In the California case of Arato v. Melvin Avedon M.D. the widow and children of a patient who died of pancreatic cancer brought suit for negligence against doctors who treated the deceased, alleging that the doctors breached their fiduciary duty to make a full and fair disclosure of all facts regarding the illness, including life expectancy information. Plaintiffs contend that if they had known of the decedent's true condition, they would have conducted their business and personal affairs differently, and that they suffered losses thereby.
The plaintiff was a successful 42-year old electrical contractor and part-time real estate developer when, early in 1980, his internist diagnosed a failing kidney. on July 21, 1980, in the course of surgery to remove the kidney, the operating surgeon detected a tumor on the "tail" or distal portion of the plaintiff's pancreas. Portions of the pancreas were removed, along with the diseased kidney. It was determined that the pancreas was malignant. Concerned that the cancer could return, the plaintiff's surgeon referred him to a group of oncology practitioners for follow-up treatment.
During his initial visit to the oncologist, the plaintiff filled out questionnaire. Among the 150 questions asked was whether patients wished to be told the truth about their condition or whether they wanted the physician to bear the burden for them. The plaintiff checked the box indicating that he wished to be told the truth. By their own admission, neither the operating surgeon nor the treating oncologists specifically disclosed to the plaintiff the high statistical mortality rate associated with pancreatic cancer. The plaintiff subsequently died from complications of the disease, and the family filed suit. The focal point of the law-suit is that the plaintiff's contend that the physicians were aware that pancreatic cancer has a high mortality rate associated with it and that had they known of Mr. Arato's imminent death they would have put their financial situation in order.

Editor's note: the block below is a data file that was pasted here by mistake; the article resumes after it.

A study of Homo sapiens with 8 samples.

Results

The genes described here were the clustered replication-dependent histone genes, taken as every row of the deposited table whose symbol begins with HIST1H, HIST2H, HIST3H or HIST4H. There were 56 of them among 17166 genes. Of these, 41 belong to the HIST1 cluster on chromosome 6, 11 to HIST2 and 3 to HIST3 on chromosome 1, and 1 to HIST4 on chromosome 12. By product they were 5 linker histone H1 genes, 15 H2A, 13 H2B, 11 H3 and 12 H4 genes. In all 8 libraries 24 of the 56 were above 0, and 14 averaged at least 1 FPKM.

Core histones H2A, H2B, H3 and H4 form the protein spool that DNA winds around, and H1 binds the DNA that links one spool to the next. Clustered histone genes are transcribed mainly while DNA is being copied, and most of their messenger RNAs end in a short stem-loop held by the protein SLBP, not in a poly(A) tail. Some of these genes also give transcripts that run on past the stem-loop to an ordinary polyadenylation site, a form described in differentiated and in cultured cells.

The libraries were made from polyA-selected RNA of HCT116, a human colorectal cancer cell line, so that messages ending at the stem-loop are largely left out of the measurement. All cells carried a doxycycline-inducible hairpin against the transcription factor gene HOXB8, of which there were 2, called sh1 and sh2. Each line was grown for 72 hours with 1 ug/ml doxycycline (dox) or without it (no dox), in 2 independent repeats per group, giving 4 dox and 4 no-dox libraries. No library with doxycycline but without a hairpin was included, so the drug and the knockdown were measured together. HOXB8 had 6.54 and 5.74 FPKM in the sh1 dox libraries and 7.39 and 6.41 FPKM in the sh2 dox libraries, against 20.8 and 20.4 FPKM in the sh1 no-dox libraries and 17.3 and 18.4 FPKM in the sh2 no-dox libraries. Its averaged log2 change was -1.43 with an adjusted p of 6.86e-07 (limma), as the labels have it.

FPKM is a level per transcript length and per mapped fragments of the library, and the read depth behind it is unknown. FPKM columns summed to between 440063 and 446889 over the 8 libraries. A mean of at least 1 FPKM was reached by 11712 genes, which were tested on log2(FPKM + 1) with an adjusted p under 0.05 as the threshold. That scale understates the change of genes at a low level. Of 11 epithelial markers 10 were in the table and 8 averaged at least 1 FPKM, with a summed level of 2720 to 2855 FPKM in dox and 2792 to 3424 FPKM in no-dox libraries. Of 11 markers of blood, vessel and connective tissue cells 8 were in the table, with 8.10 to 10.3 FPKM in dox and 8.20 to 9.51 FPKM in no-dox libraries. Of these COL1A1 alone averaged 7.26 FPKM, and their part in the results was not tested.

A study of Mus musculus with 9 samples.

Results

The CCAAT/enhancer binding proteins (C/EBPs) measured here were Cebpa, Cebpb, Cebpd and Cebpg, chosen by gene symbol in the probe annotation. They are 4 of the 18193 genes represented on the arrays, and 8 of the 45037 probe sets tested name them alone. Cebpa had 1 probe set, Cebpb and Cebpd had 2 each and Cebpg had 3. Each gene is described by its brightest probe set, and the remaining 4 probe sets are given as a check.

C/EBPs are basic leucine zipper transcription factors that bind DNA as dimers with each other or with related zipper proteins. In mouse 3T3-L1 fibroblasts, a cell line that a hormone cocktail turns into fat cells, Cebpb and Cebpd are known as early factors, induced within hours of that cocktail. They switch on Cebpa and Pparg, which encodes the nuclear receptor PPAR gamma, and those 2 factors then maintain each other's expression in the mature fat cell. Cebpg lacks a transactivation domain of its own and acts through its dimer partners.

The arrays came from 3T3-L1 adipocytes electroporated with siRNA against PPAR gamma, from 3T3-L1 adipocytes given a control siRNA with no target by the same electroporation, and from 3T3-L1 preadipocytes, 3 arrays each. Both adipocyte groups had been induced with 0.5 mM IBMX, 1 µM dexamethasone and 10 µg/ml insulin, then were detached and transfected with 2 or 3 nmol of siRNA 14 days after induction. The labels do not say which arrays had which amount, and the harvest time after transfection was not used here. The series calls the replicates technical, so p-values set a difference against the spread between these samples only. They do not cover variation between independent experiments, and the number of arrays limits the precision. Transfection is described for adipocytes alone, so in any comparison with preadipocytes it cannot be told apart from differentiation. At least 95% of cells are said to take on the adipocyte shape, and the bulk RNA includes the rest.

The defendants contend that they did not have to provide the plaintiff with statistical information on life expectancy in order to obtain his informed consent to treatment. The court stated that each patient should be taken on a case by case basis as to what amount of discretion should be used with full disclosure of facts necessary to an informed consent. The plaintiff's pointed to pancreatic cancer mortality statistics as a reason that the treating physicians should have divulged Mr. Arato's life expectancy. The court replied that statistical morbidity values derived from the experience of population groups are inherently unreliable and offer little assurance regarding the fate of a particular patient. Plaintiff's claim that if they had known of Mr. Arato's life expectancy they would have conducted their business affairs differently. The court gave a short answer by stating "a physician is not the patient's financial advisor..." Moore v. Regents of University of California The court further stated that his treating physicians disclosed enough information relevant to his decision to undergo a particular treatment and that he was told that pancreatic cancer is usually fatal.
The court ultimately held that: (1) physicians do not have a duty as a matter of law to disclose statistical life expectancy data; (2) physicians do not have a duty to disclose information relevant to a patient's nonmedical interests.
In conclusion it is important to remember that each patient is an individual with separate problems. That each patient's mental and emotional condition is important and may be critical to their medical condition. When discussing the element of risk a certain amount of discretion must be used with the full disclosure of facts necessary to informed consent.